Denmark, noted as the “happiest country in the world” after a study, is one of the southernmost lands in Northern Europe. It is a constantly innovating country, with Copenhagen, the capital, at the center of it all. Denmark itself consists of an archipelago along with the lowland areas of continental Europe.
The Danish, living near the sea, love their water sports. However, their national and most popular sport is soccer, and they have quite the record behind it, such as reaching the quarter final of the 1998 World Championships, and acquiring the #3 most successful rank from FIFA. Other popular sports include handball, cycling, tennis, and ice hockey.
Denmark is also known for its music; maintaining the folk traditions of old, yet continually innovating at the same time. Several famous musicians, such as Lars Ulrich, were born there, serving as a testament to the skill which resided there. The well-known band, Aqua, is also from Denmark.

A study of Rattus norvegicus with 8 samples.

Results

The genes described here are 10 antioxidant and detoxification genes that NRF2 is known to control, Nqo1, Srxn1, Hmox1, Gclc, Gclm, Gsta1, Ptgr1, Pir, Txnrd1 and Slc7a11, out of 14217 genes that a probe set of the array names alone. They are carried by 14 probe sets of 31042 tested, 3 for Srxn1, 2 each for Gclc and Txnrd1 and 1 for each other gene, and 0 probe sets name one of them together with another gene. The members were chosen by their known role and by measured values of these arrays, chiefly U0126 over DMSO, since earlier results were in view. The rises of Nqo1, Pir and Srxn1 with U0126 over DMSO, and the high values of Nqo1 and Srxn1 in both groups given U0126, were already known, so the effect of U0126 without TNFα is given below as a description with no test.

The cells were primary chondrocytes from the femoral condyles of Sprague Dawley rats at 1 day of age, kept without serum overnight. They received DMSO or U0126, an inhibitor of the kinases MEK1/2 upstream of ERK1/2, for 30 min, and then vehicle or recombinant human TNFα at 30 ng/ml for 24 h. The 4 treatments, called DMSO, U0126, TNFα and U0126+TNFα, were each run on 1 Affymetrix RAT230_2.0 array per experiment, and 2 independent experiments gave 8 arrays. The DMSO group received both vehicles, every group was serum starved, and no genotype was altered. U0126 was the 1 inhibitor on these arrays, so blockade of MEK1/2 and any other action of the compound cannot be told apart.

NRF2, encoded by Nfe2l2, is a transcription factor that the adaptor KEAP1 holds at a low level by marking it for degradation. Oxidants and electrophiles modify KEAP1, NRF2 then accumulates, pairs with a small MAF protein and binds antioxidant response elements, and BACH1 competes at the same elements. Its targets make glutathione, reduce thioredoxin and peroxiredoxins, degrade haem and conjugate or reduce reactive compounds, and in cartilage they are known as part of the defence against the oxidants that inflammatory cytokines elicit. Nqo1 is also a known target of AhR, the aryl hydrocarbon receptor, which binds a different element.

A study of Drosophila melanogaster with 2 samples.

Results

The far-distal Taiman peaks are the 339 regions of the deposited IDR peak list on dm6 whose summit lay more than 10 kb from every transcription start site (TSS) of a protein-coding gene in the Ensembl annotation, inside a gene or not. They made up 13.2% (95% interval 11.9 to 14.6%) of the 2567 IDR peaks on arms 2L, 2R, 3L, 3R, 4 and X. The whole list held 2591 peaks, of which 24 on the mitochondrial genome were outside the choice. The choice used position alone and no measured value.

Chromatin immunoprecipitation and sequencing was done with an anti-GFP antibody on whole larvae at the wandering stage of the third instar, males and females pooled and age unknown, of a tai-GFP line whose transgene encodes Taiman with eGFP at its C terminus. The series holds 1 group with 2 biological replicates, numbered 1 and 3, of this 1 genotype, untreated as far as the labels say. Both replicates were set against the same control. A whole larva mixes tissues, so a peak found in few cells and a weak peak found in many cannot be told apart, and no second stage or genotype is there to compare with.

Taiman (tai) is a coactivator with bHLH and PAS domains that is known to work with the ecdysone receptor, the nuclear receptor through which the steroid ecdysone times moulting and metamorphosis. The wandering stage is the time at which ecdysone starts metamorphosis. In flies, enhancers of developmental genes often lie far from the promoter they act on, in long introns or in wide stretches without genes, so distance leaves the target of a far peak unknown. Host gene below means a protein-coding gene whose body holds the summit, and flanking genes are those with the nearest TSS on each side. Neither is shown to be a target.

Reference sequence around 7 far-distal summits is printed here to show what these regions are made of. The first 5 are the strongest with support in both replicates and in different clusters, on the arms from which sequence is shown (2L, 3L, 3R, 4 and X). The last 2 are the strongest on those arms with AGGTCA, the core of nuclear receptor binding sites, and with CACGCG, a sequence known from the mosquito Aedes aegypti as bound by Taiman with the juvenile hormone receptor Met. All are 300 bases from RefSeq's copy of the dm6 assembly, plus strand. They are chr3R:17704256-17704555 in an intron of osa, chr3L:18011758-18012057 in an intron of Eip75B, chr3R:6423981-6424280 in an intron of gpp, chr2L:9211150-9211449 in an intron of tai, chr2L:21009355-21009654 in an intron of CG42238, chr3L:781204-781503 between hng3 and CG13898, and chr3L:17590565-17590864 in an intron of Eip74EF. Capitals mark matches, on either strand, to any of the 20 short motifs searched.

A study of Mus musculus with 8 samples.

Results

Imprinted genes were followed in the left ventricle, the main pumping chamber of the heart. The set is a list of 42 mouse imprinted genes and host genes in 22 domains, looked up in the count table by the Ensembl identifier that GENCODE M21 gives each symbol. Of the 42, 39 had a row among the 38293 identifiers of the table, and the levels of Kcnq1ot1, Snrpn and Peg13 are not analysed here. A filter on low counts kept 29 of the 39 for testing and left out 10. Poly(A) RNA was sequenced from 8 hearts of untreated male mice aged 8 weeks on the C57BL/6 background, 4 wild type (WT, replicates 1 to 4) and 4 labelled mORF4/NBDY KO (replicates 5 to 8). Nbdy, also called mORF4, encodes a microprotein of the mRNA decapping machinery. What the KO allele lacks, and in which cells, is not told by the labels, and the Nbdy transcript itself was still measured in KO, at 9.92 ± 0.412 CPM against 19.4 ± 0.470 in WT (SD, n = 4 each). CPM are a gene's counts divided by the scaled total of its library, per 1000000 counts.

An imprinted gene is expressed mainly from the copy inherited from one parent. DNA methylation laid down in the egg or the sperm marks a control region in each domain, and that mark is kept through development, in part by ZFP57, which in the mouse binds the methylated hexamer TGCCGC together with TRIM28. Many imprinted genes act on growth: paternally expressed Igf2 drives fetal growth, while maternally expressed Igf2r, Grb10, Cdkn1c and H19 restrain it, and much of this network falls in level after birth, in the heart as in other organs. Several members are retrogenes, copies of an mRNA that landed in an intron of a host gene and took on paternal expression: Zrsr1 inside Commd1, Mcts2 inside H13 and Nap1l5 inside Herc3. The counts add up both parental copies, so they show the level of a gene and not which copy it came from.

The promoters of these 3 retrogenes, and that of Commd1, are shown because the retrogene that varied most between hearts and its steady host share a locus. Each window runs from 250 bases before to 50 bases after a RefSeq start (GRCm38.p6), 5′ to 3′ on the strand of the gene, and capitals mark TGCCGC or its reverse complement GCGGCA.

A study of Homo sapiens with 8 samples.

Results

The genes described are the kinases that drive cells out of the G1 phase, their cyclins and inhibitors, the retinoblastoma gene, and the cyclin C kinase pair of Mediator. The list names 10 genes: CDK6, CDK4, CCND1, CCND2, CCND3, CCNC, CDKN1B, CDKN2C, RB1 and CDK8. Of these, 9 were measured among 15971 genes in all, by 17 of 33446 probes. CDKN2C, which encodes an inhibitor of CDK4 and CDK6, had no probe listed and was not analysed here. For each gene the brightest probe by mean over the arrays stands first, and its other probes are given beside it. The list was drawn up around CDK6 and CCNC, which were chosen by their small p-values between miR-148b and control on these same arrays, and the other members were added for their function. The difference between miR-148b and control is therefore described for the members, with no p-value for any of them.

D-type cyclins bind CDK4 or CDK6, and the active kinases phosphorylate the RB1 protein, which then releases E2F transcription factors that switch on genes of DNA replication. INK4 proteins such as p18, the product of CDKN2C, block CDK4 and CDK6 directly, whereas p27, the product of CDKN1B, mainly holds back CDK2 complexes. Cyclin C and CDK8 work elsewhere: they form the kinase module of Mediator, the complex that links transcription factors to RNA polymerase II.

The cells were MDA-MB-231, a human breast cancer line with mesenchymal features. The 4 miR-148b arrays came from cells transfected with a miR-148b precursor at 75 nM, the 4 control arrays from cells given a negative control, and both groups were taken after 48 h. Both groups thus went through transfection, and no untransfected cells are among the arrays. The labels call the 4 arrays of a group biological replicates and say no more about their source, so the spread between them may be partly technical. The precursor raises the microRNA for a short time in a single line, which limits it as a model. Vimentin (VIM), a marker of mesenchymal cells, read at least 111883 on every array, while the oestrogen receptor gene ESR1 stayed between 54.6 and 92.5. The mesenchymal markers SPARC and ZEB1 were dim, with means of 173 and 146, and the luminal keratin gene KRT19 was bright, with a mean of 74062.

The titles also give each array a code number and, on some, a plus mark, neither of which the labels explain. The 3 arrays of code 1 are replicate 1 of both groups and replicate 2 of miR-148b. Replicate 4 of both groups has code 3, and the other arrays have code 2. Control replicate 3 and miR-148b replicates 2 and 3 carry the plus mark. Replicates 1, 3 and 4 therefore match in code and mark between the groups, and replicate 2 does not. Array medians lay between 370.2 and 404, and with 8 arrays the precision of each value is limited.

Their diet consists of mostly meat and fish, much like other Nordic countries, due to a history of frigid, long winters. One of the most commonly eaten foods is rye bread, made into various kinds of fish and meat sandwiches.
Denmark is one of the countries in which the Vikings never truly had a foothold. Indeed, they were there for a time, but eventually vanished upon the death of Canute IV in 1086. This allowed Christianity to spread throughout the following centuries, eventually becoming the majority of the people.
Following the Black Death, Denmark, Norway, and Sweden were united, until Sweden suddenly cut itself out in 1523. This led to an intense rivalry between the two countries, as they both wanted Baltic control. With help from England and the Netherlands, Denmark escaped Swedish rule, but at the cost of much land.
Much more recently, Demark was a neutral, yet highly profiting country during World War I. The same methods of escaping war did not work twice, with Denmark only resisting during WW II. However, England had a hand in encouraging the Danes strike against their occupiers, and their forces were great in numbers by the end of World War II.